Many farms must get larger to support today's farm families
ST. PAUL - Our grandparents may have been able to make a good living on a farm of 80 to 160 acres with some livestock. However, the economics of today's agriculture has changed drastically and has become more volatile. This has necessitated chang...
ST. PAUL - Our grandparents may have been able to make a good living on a farm of 80 to 160 acres with some livestock. However, the economics of today's agriculture has changed drastically and has become more volatile. This has necessitated changes in what today's farm looks like.
As input costs increase and commodity prices farmers receive fluctuate, profit margins change over time. As these changes occur, farmers have had to change their businesses. Some farmers have gone out of business. Some are farming part-time and work off the farm to supplement their income. Others have gone to alternative farming methods in order to remain in farming. Yet others still farm full-time, and they have increased the size of their farms in order to remain profitable.
Whether we agree or disagree with these changes, the changes are a function of economics and the changing agricultural industry. The following numbers will illustrate these changes. The numbers are not to justify the changes but are one approach to explain the changes. The numbers presented are real numbers from real farm operations in southern Minnesota.
In 2008, a total of 345 of the 815 farm families from the MnSCU South Central/Minnesota West Adult Farm Business Management Program kept household and personal expense records. Their average household and personal expense for the year was $89,147 with an average family size of 3.3 persons.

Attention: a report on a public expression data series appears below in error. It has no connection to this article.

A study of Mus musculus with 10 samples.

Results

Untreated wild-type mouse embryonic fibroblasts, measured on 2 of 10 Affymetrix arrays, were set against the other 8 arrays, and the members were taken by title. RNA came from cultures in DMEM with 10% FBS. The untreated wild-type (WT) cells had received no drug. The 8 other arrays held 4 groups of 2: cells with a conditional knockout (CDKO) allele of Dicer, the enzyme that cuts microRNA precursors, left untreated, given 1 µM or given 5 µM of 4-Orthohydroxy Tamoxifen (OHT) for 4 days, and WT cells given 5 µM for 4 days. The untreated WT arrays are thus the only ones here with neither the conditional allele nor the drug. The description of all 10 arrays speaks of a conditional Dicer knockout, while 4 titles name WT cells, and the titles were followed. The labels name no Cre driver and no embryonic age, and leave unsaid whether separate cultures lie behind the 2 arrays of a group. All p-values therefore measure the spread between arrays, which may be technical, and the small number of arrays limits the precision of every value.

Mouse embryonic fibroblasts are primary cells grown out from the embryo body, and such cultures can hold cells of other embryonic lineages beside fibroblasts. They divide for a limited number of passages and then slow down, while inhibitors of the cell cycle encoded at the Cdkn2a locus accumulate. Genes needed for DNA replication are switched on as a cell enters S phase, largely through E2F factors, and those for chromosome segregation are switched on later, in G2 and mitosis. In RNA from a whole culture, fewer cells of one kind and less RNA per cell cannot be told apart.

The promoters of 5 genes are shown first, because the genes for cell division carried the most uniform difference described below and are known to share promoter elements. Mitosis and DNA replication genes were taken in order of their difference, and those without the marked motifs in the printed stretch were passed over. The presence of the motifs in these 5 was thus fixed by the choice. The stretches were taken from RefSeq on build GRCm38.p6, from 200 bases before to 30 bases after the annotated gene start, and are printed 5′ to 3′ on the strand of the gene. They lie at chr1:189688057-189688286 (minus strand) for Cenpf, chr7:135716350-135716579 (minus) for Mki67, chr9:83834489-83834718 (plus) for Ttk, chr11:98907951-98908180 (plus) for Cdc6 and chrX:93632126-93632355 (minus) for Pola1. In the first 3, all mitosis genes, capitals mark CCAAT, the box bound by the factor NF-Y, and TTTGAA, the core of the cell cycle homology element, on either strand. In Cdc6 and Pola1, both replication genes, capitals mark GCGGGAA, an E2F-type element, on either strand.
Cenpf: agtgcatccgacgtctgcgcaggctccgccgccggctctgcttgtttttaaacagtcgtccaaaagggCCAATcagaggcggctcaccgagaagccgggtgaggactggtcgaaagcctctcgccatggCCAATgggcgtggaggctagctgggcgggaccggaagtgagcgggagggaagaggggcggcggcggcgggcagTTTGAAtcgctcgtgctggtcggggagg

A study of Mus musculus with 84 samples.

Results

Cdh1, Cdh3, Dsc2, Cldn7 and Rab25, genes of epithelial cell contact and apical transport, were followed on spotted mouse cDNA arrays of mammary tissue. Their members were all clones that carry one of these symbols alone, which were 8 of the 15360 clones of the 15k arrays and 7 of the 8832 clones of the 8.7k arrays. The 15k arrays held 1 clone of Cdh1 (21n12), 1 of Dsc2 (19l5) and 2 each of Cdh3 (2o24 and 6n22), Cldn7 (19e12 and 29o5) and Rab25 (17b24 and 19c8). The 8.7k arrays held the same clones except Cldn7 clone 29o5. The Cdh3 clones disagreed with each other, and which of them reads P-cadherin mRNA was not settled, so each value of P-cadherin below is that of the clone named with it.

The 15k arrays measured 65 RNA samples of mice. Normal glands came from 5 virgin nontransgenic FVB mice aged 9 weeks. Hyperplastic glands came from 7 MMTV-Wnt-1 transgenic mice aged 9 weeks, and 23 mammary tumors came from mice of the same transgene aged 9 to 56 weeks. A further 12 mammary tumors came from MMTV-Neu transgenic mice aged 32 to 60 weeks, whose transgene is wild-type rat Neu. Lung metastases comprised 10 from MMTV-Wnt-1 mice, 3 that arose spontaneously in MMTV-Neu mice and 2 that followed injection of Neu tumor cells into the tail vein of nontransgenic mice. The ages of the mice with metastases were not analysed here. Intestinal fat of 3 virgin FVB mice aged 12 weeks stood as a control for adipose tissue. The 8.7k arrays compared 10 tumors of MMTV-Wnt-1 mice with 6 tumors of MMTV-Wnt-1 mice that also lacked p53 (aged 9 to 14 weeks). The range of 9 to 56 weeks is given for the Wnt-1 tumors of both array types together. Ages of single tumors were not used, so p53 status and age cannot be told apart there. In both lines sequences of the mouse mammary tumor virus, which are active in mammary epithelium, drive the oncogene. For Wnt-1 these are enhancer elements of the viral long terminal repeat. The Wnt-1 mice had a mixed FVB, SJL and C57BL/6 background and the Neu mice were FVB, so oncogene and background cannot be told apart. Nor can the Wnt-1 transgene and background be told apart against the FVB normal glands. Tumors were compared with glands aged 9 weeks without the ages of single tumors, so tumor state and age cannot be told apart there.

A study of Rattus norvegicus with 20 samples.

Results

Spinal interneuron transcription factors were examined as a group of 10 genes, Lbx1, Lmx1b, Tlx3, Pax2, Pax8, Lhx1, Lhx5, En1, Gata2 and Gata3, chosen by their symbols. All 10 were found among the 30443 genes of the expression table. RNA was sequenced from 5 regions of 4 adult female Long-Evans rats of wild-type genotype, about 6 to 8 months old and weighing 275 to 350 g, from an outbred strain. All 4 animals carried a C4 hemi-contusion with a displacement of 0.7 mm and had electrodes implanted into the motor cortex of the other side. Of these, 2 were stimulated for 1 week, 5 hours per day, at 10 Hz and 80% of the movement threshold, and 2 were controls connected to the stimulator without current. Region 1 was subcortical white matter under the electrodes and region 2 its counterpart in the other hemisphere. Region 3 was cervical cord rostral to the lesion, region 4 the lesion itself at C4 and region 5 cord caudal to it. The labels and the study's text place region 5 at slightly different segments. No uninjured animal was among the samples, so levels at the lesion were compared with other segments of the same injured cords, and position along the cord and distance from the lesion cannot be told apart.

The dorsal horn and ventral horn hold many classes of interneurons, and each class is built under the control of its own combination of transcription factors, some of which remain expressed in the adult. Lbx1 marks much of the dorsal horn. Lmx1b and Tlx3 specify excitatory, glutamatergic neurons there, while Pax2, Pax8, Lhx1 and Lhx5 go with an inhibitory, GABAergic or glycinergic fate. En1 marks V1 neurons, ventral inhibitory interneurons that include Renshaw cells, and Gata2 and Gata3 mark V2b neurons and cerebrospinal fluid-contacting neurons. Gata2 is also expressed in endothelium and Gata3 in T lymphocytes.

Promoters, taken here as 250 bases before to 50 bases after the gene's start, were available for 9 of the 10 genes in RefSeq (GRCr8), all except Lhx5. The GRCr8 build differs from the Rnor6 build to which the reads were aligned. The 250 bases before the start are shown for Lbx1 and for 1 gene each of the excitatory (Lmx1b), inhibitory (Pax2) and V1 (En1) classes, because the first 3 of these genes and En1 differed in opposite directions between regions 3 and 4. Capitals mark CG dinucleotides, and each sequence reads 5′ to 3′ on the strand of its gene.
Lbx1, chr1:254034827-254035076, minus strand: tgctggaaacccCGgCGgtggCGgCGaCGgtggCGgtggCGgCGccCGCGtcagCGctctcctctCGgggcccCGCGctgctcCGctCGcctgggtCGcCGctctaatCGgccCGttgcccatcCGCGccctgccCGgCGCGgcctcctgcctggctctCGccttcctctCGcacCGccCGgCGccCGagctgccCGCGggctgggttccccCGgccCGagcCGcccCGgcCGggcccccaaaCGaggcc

This family living expense includes: food, medical care, charitable donations, supplies, furnishings, clothing, educational costs, recreation expenses, gifts, utilities, child care, house rent and upkeep of the house. Also included are expenses for the purchase of non-farm vehicles, investments, savings, life insurance premiums, income/social security taxes, and non-farm capital purchases.
The assumption is that the farm income would cover all the family living expense and that the net income from the farm crops or livestock would pay those expenses. Where applicable, the net income for any crops includes any associated government payments and is based upon a 5 year average.
Based upon net farm income numbers, if a farm family planted a 50/50 corn soybean rotation, they would need 442 acres of corn and 442 acres of soybeans - a total of 884 acres to earn the family living amount of $89,147. For other enterprises, it would take 144 dairy cows, 20,447 contract hogs or 3,191 beef steers to earn the $89,147 family living cost.
For more details, see the Ag Business Management web site at www.farmmanagement.umn.edu and click on "publications" for an article titled "What does it take to earn a living on the farm?"
Gary Hachfeld is an ag business management educator with University of Minnesota Extension.